In the neotropical forest of Barro Colorado Island in Panama, an unusual bee hatched: half male and half female. The Smithsonian Tropical Research Institute students and scientists working on nocturnal, socially flexible Megalopta bees at BCI recognized it as a gynandromorph: a rare condition that results in the expression of both male and female characteristics.

The bee’s left side was male-like, with a long antenna, a delicate, pointed mandible, and a slender, naked left hindleg, all typical male characteristics. But the right side was female-like, with a shorter antenna, a stout, toothed mandible useful for digging a nest, and a robust hindleg plumose with branched hairs for transporting pollen. It also had a sting, pointing outward from the female half of the body.

The first discovery of a Megalopta gynandromorph was made in 1999. STRI staff scientist Bill Wcislo found a M. genalis that exhibited the same condition in Barro Colorado. The recent discovery is the first report of gynandromorphism in the closely related bee species Megalopta amoenae.

Given the singularity of the occurrence, the group decided to describe an aspect of the bee’s behavior that hadn’t been previously studied in gynandromorphs: circadian activity, an internal process that enables organisms to clock their daily activities, and for bees and other pollinators to coordinate their foraging behavior with the availability of floral resources. The observations were led by former STRI intern Erin Krichilsky, a student from Cornell University.

They found that the gynandromorph’s activity started earlier in the day, compared to the male and female bees, but that its highest intensity periods most closely resembled the behavior of females. These results were recently published in the Journal of Hymenoptera Research.

“It is impressive that even though there has been intense sampling of Megalopta at STRI for nearly 30 years, only two gynandromorphs have ever been found,” said Krichilsky. “This really exhibits the rarity of these creatures. Finding the M. amoena felt like striking gold or winning the Darwinian lottery.”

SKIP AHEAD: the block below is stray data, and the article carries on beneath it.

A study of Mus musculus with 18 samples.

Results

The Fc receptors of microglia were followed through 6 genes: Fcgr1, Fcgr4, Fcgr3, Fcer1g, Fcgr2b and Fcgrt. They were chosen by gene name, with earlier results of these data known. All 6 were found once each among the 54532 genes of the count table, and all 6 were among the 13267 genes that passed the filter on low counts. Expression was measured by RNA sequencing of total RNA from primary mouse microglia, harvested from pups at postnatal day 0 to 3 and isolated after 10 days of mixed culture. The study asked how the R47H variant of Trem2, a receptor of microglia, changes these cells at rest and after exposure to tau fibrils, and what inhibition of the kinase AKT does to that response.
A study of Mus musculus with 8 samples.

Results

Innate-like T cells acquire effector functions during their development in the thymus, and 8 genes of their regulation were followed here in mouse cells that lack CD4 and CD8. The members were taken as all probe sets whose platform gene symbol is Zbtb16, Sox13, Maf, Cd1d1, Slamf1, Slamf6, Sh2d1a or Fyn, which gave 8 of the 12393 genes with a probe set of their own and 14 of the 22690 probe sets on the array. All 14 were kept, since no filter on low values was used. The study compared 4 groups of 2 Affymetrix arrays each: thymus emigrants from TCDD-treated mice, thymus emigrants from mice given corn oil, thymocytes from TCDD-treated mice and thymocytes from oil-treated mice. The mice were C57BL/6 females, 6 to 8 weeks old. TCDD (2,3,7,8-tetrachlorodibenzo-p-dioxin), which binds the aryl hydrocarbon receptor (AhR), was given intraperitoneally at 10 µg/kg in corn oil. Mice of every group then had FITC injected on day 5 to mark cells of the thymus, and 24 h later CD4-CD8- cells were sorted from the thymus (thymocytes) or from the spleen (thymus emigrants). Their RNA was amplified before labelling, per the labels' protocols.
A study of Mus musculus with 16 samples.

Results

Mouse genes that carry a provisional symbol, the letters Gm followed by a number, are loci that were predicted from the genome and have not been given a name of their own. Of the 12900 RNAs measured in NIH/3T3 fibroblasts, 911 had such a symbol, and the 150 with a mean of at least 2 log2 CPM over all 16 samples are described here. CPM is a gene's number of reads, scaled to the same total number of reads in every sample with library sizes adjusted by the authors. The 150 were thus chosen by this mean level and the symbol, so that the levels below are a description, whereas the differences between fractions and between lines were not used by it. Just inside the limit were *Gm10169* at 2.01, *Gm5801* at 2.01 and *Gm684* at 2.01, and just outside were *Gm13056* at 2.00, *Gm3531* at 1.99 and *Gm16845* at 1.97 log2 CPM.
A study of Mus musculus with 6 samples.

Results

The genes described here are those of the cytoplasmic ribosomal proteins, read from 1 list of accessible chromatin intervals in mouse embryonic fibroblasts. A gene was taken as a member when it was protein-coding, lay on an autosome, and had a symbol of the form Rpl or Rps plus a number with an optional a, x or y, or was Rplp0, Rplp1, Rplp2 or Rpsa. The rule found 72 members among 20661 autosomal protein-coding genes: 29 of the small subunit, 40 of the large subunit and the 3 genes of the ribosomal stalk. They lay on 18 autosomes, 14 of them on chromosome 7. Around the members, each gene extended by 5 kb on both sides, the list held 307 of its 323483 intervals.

For the research team, cases like these are intriguing, not only because they help determine the frequency and distribution of gynandromorphs globally, but also because the insects may exhibit odd or novel behaviors. Ultimately, their unusual activity patterns could potentially lead to new evolutionary paths.

Members of the research team are affiliated with the Smithsonian Tropical Research Institute, Cornell University, Universidad Nacional de Costa Rica, Utah State University and George Washington University. Researchers involved were funded by the National Science Foundation STRI, Cornell University, and the Natural Sciences and Engineering Research Council of Canada.

The Smithsonian Tropical Research Institute, headquartered in Panama City, Panama, is a unit of the Smithsonian Institution. The institute furthers the understanding of tropical biodiversity and its importance to human welfare, trains students to conduct research in the tropics and promotes conservation by increasing public awareness of the beauty and importance of tropical ecosystems. Promo video.


Krichilsky E, Vega-Hidalgo Á, Hunter K, Kingwell C, Ritner C, Wcislo W, Smith A (2020) The first gynandromorph of the Neotropical bee Megalopta amoena (Spinola, 1853) (Halictidae) with notes on its circadian rhythm. Journal of Hymenoptera Research 75: 97-108.